Like La Patisserie and Elizabeth Street Cafe, Lenoir has taken one of the neighborhood's cottage houses and transformed it. As I had seen previously written, the interior is a combination of dark masculine wood when you enter, surrounded by the more feminine feel of off-white gauzy/lacy curtains. The tables and chairs are wooden, painted in a light coat of white, so the grain of the wood is visible. The taller, cocktail-style tables have leather and brass stud accents on the corners, while the ten-seat community table in the middle of the room sits under a bank of lights, giving it a modern chandelier look. I believe I counted a total of 33 seats -- 9 at the bar, 10 at the community table, and 14 at the 2 and 4-top cocktail tables. It's not very big at all. Our waiter and his witticisms was always present, but not hovering.
Lenoir's menu is divided into four areas: field, sea, land, dream (dessert); you can pick any three dishes for $30, and additional ones are $10. The menu changes with what's available seasonally and locally.
My first course was the upma polenta with Brussels sprouts and carrots. It's actually a semolina (wheat) polenta, as opposed to the traditional corn. (May be a problem for gluten-free eaters, as it's not listed as wheat on the menu.) It had a nice late-hitting spiciness to it, from mustard seed and I am not sure what else. The baby Brussels were seared, and the carrots tender.
The second dish I had was axis venison in a spiced broth with haikurei turnips, sunflower sprouts, daikon radish (they were cut very thin, like angel hair pasta), and rawa noodles, made from toasted wheat. I would call this their take on a pho bowl. The venison was cooked beautifully, and the broth really had a nice flavor to it, and the two together were wonderful. While the waiter named cinnamon and star anise as being in the broth, the lingering flavor was the heat from the Balinese long peppers (they look like miniature, long pine cones), a relation to black peppercorns.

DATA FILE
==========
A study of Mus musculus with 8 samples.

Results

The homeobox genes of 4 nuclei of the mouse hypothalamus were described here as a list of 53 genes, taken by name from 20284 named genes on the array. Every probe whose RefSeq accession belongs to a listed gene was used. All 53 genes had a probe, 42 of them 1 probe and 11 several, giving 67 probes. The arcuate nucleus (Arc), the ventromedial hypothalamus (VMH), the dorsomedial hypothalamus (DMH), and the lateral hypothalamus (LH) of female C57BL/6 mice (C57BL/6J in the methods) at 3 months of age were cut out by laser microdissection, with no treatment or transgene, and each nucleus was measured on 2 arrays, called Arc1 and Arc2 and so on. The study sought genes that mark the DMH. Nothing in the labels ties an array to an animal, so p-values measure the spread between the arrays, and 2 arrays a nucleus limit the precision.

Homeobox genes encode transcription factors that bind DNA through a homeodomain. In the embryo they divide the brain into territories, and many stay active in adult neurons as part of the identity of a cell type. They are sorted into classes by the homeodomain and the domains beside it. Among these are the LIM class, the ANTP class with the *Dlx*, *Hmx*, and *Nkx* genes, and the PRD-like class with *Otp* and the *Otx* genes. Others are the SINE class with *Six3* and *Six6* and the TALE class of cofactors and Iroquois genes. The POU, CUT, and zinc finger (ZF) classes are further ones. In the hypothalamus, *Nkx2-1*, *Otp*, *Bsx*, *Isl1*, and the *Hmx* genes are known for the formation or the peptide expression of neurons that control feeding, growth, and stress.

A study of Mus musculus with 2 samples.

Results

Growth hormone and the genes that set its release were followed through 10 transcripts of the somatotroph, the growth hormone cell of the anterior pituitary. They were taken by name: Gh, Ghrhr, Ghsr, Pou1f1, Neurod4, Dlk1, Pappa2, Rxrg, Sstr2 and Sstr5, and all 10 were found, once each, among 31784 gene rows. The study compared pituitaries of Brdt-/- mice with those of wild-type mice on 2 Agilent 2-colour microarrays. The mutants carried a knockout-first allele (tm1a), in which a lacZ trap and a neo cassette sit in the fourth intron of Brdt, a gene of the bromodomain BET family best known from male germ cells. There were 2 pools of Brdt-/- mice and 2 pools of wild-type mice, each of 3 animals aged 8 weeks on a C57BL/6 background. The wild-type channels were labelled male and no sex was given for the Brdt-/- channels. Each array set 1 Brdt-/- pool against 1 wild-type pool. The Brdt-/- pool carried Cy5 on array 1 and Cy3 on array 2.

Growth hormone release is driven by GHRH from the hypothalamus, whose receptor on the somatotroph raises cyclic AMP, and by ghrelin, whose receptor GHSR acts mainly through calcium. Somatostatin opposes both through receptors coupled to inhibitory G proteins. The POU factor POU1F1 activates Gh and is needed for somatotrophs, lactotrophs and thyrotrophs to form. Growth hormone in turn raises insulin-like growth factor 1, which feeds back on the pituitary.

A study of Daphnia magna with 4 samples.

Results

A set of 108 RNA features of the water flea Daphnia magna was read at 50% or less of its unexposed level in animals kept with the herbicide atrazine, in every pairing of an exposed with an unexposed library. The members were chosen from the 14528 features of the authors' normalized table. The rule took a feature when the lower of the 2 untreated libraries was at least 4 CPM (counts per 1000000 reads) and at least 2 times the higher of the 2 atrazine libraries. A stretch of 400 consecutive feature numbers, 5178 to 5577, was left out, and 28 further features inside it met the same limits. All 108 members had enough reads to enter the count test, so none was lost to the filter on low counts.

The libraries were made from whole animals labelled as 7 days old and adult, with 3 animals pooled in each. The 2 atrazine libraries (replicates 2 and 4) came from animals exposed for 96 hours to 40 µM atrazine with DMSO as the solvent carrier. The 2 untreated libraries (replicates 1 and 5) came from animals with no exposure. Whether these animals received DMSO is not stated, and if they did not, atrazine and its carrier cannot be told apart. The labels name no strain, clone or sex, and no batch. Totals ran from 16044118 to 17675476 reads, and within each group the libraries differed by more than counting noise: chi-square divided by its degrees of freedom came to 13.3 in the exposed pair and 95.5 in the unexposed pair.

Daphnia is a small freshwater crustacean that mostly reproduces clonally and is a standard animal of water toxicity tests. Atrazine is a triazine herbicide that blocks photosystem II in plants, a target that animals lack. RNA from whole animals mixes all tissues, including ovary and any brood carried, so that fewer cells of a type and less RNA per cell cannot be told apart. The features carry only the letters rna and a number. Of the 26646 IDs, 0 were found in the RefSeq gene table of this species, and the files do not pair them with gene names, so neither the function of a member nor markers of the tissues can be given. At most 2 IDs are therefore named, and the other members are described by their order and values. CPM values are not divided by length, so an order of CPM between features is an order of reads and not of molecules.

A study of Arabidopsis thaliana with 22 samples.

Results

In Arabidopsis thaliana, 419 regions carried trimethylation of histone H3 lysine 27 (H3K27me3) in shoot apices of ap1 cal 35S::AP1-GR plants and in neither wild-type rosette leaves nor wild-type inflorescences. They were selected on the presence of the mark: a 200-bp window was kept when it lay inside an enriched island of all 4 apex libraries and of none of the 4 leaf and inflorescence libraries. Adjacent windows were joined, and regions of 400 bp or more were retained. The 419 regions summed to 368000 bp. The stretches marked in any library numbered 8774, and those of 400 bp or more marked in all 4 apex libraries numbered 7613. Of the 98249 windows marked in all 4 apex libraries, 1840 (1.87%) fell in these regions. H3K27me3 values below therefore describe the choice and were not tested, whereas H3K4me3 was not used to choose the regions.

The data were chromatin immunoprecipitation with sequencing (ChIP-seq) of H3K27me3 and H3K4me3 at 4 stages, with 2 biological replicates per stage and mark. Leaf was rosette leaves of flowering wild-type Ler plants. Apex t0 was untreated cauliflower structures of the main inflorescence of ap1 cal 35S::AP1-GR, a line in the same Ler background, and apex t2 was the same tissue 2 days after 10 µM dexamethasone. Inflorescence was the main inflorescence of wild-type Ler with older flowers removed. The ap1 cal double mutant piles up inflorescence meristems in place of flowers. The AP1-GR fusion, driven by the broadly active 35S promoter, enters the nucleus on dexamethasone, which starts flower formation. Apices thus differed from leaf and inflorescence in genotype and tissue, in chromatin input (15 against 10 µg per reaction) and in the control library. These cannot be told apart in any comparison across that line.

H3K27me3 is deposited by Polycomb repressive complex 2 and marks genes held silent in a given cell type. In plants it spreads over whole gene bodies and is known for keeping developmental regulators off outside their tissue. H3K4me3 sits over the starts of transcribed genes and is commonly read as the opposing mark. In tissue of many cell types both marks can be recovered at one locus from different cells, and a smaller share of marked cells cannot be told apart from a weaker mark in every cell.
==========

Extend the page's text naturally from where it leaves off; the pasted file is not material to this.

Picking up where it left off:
For my third course, I had the chaubier cheese with almond nougatine, and grapefruit preserves from the local maker Confituras. And I apparently forgot to take a picture! Chaubier is a wash-rind, semi-firm goat and cow's milk cheese from France; I'd say a medium-strong cheese. It's creaminess was nice with the candied almonds and tart jam.
Other dishes my friend's had.... gulf shrimp with kabocha squash, kale and xo sauce. I was not familiar with xo before; it's made from dried fish, shrimp, scallops, along with chile peppers, garlic and other spices, and is often used in Cantonese foods. Lenoir is making their own, and it was fantastic. It really elevated this dish, giving it a great depth of flavor. (This dish was about to come off the menu, as kabocha is about out of season now.)
The chickpea panisse (like a polenta), oyster mushrooms, wilted winter greens, and a poached egg.
Red curry short ribs with scarlet runner beans
Leftovers were packaged in a swan boat! (Maybe we'll call it a grackle instead...) On the table behind the swan was a black holder for a small vase of flowers, and also a salt cellar, with a flaky sea salt with lavender and herbs in it. It looked more like decoration until I looked more closely at it, and then tried it.
It's sort of hard to pin down the specific type of food that Lenoir is serving, and maybe that's their point. They have described themselves as making "hot weather food" -- spicy and acidic, and the Asian influences from the dishes I tried can attest to that. The name Lenoir refers to a varietal of French black grape, brought by the Spanish to Central America, and well-rooted in Texas, a parallel to the owners' own culinary journey. Glad their journey has brought them to our little neck of the woods.